A recent EEOC settlement may portend more litigation, especially for industries that employ large numbers of immigrants.
A case settled late last year alleged that Hispanic women working at a laundry on Long Island, N.Y., endured years of sexual harassment at the hands of their boss before a local advocacy group put them in contact with a law firm and the EEOC.
Before the case (EEOC v. Suffolk Laundry Services, Inc., Case No. 12-CV-409, E.D.N.Y., 2015) could go to trial, the laundry signed a consent decree that requires it to pay the women a $582,000 settlement.
The harassing manager got away with his harassing behavior—fondling the women and forcibly kissing them—in part because they did not know their rights. That ignorance, coupled with a language barrier, kept them largely captive on the job.
But when Latino Justice, a local advocacy group, became involved, things began to change. The New York law firm Outten & Golden joined the battle and the entire sordid tale was laid out for the EEOC.
It was exactly the type of case the EEOC targeted in one of the six prongs of its Strategic Enforcement Plan, an annual planning document that spells out where and how the commission will focus its investigative and prosecutorial resources.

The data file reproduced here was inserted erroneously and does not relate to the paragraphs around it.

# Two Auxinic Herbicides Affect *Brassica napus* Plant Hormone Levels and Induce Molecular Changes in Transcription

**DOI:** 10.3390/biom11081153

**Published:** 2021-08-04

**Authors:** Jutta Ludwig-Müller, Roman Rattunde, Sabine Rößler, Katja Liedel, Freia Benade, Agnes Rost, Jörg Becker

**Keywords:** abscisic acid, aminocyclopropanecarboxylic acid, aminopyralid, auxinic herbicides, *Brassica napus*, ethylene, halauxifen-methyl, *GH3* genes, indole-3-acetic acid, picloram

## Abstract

A major emphasis of the EEOC’s enforcement plans: Strengthening connections to local advocacy groups. For employers that hire lots of immigrants, it may mean more litigation.
Advice: Employers can protect themselves by providing anti-harassment training to supervisors, especially those who manage vulnerable immigrant populations.
Additionally, let employees know they have avenues to report harassment internally without going to local advocacy groups or the EEOC. Be prepared to investigate complaints quickly and professionally and discipline managers who are in the wrong.
If communicating with immigrant workers is a problem, be proactive. Reach out to community resources. Employers that build bridges with advocacy groups may be able to engage with them to help resolve discrimination and harassment complaints internally, before the EEOC gets involved.